Germany’s brand new highway toll system for heavy trucks has got off to a smooth start dispelling fears of potential traffic disasters on Monday morning.
Now in effect on German highways
The satellite-based system began operating already on Saturday, but after a routine weekend traffic ban for trucks on German autobahns major glitches were expected at the beginning of the week. The German government now praises the technology which has been held up for 16 months by technical flaws costing Germany billions in lost revenues.
The expected long traffic jams at German border crossing points failed to materialize on Monday morning and highway service stations also weren’t crammed with truckers at stationary toll machines. German authorities say the country’s satellite-based tolls system is up and running smoothly and that trucking companies have apparently been well-prepared for the start of the system.
An automatic toll surveillance bridge on a German highway
"All parts of the system are working flawlessly," said Felix Stenschke, a spokesman for the ministry of transportation. "At the moment there is still only little traffic on German highways but nevertheless we are completely satisfied. One year ago the situation was quite the contrary."
The pioneering toll system is based on satellite technology which in the past 16 months was plagued by technical problems. The delays were a major embarrassment for Toll Collect – the consortium made up of automaker DaimlerChrysler, Deutsche Telekom and French motoway operator Cofiroute which developed the system.
Germany has Europe’s busiest highways and is now charging an average of 12 and a half eurocents (10 US cents) per kilometer (0.6 miles). About one third of the trucks that use its 12-thousand-kilometer highway network are foreign. Transport Minister Manfred Stolpe (photo below) said truckers in neighboring Poland and the Netherlands were especially well prepared on Monday.
"I’ve been surprised by two things," he said. "First of all the number of on-board units ordered and installed by Polish and Dutch companies – the two countries which in my view are best prepared for the new system. And secondly the degree of training undergone by truckers in advance.“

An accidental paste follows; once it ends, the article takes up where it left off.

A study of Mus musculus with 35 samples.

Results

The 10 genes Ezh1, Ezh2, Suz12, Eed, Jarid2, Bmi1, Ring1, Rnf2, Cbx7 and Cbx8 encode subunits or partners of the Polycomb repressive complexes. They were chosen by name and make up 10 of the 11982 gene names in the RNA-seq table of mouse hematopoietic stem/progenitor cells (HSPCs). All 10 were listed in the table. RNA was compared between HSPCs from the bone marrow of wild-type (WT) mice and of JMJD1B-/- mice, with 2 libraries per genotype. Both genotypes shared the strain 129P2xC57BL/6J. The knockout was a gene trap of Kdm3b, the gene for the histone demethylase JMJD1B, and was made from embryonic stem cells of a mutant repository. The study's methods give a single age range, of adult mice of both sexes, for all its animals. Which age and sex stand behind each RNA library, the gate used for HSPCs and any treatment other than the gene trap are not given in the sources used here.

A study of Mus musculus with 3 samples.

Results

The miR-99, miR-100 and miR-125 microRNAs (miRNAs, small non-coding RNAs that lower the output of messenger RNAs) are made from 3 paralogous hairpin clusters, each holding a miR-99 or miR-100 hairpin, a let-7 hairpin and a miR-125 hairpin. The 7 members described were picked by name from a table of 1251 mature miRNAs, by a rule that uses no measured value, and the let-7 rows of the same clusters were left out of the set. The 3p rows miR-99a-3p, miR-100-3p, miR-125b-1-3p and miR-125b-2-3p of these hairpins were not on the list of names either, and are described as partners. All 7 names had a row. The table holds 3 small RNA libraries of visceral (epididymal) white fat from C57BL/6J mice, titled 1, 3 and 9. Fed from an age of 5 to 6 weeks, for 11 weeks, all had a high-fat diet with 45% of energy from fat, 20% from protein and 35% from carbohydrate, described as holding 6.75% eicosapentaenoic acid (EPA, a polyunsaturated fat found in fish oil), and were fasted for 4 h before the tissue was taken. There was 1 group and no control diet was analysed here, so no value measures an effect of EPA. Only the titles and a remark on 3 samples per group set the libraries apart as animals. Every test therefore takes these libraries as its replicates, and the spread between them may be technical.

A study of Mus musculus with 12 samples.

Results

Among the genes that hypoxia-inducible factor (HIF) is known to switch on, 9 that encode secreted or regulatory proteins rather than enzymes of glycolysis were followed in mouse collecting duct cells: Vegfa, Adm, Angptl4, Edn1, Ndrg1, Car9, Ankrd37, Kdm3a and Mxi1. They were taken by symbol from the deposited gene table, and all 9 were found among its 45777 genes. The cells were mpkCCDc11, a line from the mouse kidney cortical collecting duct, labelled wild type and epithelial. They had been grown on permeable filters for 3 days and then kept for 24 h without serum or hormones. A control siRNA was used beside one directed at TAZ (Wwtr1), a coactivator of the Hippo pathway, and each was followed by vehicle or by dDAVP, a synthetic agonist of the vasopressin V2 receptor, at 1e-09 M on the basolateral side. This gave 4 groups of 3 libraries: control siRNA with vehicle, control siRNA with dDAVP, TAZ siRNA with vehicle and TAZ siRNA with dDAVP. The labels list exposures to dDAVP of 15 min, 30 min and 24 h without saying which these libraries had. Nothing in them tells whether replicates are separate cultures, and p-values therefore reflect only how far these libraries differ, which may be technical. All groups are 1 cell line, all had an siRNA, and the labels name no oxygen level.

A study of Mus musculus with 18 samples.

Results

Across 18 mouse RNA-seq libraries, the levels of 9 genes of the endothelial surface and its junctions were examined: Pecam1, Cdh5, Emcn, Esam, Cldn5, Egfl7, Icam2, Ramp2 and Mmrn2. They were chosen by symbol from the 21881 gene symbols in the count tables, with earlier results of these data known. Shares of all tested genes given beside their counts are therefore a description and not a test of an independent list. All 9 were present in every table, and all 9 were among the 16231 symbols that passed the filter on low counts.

But during the first two days after the toll system began operating, the government also nabbed about 500 fee dodgers. They neither had special on-board units in their cabins that automatically pay the tolls nor did they pay for their journeys at toll machines set up in service stations.
A picture of one of the first toll dodgers
The dodgers were fined €75 ($101) and face a much stiffer penalty of up to €20,000 if they will be caught again.
Rüdiger Petri, a spokesman for the Association of German Hauliers, said the toll system will also lead to higher prices for German consumers.
"We’ve repeatedly told our customers that German haulers are unable to carry the extra costs resulting from the toll system," he said. "Our customers accepted that and said they saw no other alternative than passing them on to product prices paid by consumers." The German government expects about €2.5 billion in truck toll revenues each year. In addition, it is currently seeking billions of euros in compensation from Toll Collect for 16 months of lost revenues. But Economics Minister Wolfgang Clement also hopes the state-of-the-art system will be an export hit doing away with the old-fashioned booths that still cause traffic congestions in many other European countries.